Donald Forsyth Craib

In the waning moments of the first session of the 105th Congress, Rep. Doc Hastings (R-Wash.) introduced H.R. 2893, an amendment to the Native American Graves Protection and Repatriation Act (NAGPRA). The amendment would increase opportunity for scientific study of human remains and cultural items; would remove a provision for the return of cultural items to tribes lacking cultural affiliation, based only on recent land use; and would clarify NAGPRA's language concerning the treatment of inadvertent discoveries of human remains and objects.

Enactment of H.R. 2893 would result in a shift in the way in which NAGPRA balances public interests in America's past (as illuminated mainly by scientists) and the appropriately privileged interests of related Indian tribes and Native Hawaiian organizations.

H.R. 2893 was stimulated by the controversy over the disposition of the Kennewick skeleton discovered in Rep. Hastings's district. The U. S. Army Corps of Engineers' decision that these remains were culturally affiliated with the Umatilla tribe, and its decision to repatriate the remains without scientific study, not only led to a lawsuit by a number of prominent scientists but also apparently to a relatively widespread public concern that NAGPRA may have gone too far in compromising the broad public interest in the nation's prehistoric heritage. As a response to this controversy, H.R. 2893 would achieve three major objectives:

(1) To enhance scientific recording and the study of cultural items.

It would require that newly excavated cultural items (human remains, funerary objects, sacred objects, and objects of cultural patrimony) on federal lands be recorded according to generally accepted scientific standards and that federal agencies retain control over those items for 90 days after the publication of a notice of their discovery in the Federal Register. In addition, study of culturally unaffiliated remains and items is permitted (but not required) to determine cultural affiliation or to obtain information of scientific, historical, or cultural value. Culturally affiliated remains and items may be studied only if the study is "reasonably expected to provide significant new information concerning the prehistory or history of the United States," and only so long as such study does not delay repatriation of items claimed by a culturally affiliated tribe or Native Hawaiian organization for more than 180 days.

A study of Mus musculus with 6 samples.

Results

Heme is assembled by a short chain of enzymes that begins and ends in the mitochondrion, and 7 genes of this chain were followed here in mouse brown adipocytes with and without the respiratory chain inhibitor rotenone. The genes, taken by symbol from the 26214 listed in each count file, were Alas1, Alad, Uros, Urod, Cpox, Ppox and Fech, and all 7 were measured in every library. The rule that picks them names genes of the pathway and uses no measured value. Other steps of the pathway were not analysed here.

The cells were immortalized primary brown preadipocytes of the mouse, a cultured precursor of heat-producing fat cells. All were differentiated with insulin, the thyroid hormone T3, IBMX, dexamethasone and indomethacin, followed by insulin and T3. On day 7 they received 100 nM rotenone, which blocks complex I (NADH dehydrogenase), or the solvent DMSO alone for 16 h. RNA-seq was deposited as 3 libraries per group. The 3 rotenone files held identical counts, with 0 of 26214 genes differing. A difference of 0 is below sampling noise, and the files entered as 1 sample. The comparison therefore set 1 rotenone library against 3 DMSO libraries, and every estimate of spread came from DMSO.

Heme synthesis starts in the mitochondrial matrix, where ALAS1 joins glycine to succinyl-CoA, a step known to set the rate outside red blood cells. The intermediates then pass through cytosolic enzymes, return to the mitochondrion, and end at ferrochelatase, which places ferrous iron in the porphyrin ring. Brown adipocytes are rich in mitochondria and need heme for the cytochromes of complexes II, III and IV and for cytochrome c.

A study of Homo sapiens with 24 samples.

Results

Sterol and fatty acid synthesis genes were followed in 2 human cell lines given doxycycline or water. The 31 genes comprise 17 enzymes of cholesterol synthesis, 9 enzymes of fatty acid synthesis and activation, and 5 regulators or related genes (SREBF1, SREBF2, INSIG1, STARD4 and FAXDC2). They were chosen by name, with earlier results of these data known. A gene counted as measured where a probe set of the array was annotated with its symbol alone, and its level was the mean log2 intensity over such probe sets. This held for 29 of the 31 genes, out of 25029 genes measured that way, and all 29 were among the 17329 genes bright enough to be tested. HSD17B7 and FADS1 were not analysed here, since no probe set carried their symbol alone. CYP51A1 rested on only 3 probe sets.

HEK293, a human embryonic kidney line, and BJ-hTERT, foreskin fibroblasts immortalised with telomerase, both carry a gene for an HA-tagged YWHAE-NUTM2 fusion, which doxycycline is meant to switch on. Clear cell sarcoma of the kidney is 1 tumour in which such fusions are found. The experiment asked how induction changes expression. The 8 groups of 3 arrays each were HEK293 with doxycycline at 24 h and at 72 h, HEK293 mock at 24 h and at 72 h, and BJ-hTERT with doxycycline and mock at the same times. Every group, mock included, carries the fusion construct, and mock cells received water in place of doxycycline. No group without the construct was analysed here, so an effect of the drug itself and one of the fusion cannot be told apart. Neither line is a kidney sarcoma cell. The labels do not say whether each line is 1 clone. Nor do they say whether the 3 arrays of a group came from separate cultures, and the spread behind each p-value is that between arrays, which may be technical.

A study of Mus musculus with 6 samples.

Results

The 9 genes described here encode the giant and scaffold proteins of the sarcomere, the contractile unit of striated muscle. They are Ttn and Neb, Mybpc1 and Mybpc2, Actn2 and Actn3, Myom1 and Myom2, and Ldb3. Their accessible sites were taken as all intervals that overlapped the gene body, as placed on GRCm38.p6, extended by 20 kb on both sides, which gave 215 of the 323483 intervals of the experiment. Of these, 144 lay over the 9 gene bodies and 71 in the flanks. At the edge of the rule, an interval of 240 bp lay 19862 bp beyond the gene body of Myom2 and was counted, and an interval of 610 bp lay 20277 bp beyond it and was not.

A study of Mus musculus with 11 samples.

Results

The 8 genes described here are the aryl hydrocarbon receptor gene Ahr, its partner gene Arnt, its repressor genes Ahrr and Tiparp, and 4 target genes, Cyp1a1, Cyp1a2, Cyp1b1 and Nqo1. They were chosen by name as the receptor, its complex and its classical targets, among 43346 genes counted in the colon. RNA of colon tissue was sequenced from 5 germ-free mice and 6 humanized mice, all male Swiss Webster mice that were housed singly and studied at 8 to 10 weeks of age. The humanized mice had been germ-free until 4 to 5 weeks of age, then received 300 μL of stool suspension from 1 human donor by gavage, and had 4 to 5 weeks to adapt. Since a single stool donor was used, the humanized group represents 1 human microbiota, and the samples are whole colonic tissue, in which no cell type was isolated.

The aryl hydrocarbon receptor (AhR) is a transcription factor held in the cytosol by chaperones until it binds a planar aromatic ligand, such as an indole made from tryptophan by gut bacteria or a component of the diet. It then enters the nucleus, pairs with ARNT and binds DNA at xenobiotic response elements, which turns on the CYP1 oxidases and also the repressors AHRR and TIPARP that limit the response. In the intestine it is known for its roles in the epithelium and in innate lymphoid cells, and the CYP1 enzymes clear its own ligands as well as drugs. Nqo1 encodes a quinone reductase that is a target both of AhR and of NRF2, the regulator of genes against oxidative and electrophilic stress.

In this context it is important to recognize that H.R. 2893 neither diminishes the ability of culturally affiliated tribes or Native Hawaiian organizations to achieve repatriation nor alters NAGPRA's definition of cultural affiliation. No study would be allowed if the remains or items are claimed by lineal descendants, if the study would violate a museum's policies or prior agreements, or if the scientific benefits of the study are clearly outweighed curatorial, cultural, or other reasonable concerns. Newly excavated or discovered items from tribal lands also would be exempt from study, unless permitted by the tribe. Control by lineal descendants of the remains and items of their ancestors, and the control of Indian tribes over remains and items recently excavated on their lands, is slightly enhanced by the amendment because those remains or items would no longer be subject to NAGPRA's current provisions for scientific study.

(2) To eliminate the provision of NAGPRA that provides for repatriation of recently excavated cultural items based on recent land use and in the absence of cultural affiliation.

Under the proposed change--removing Section 3(a)(2)(C)--these cultural items still would be subject to repatriation under regulations to be promulgated by the Secretary of the Interior, just like other unaffiliated items.

(3) To clarify the disposition of inadvertently discovered cultural items.

The disposition of "inadvertent discoveries" of cultural items by federal agencies is not being consistently governed by NAGPRA's provisions for intentional excavations. This apparently uncontroversial clarification of congressional intent was originally suggested in a bill, S. 110, introduced by Sen. Daniel Inouye (D-Hawaii). This section of the amendment appears to be in the interests of both the scientific and Native American communities and is in complete conformance with NAGPRA's original intent.

H.R. 2893 will stimulate debate because it seeks a new balance between legitimate Native American concerns in human remains and other cultural items and legitimate scientific and public interests in those remains and items. It will bring to light new and important information about the prehistory and history of the United States, but will sometimes delay repatriation or offend native groups opposed to study. The government affairs page of SAA's web site (http://www.saa.org) contains the full text of H.R. 2893, the text of NAGPRA as it would be modified by the bill, and current SAA analysis of the legislation.

Based on SAA's current analysis, the Board of Directors supports this legislation but is actively seeking to identify problems the bill might create and to explore and understand objections to the bill. If necessary, SAA will seek appropriate changes. Given the significance of H.R. 2893 for the discipline of archaeology, we hope that you will take the time to review these proposed changes to NAGPRA and communicate your opinions to your representatives in Congress. You should explain how the amendment would affect your state and, if you support it, should ask your representative directly to become a cosponsor. Questions, comments, and concerns about SAA's position on the bill should be directed to Bill Lovis, chair of the SAA Committee on Repatriation (lovis@pilot.msu.edu).

William Lovis is chair, SAA Committee on Repatriation, Keith Kintigh is a member of the Committee on Repatriation, and Donald Craib is manager, government affairs, and counsel for SAA.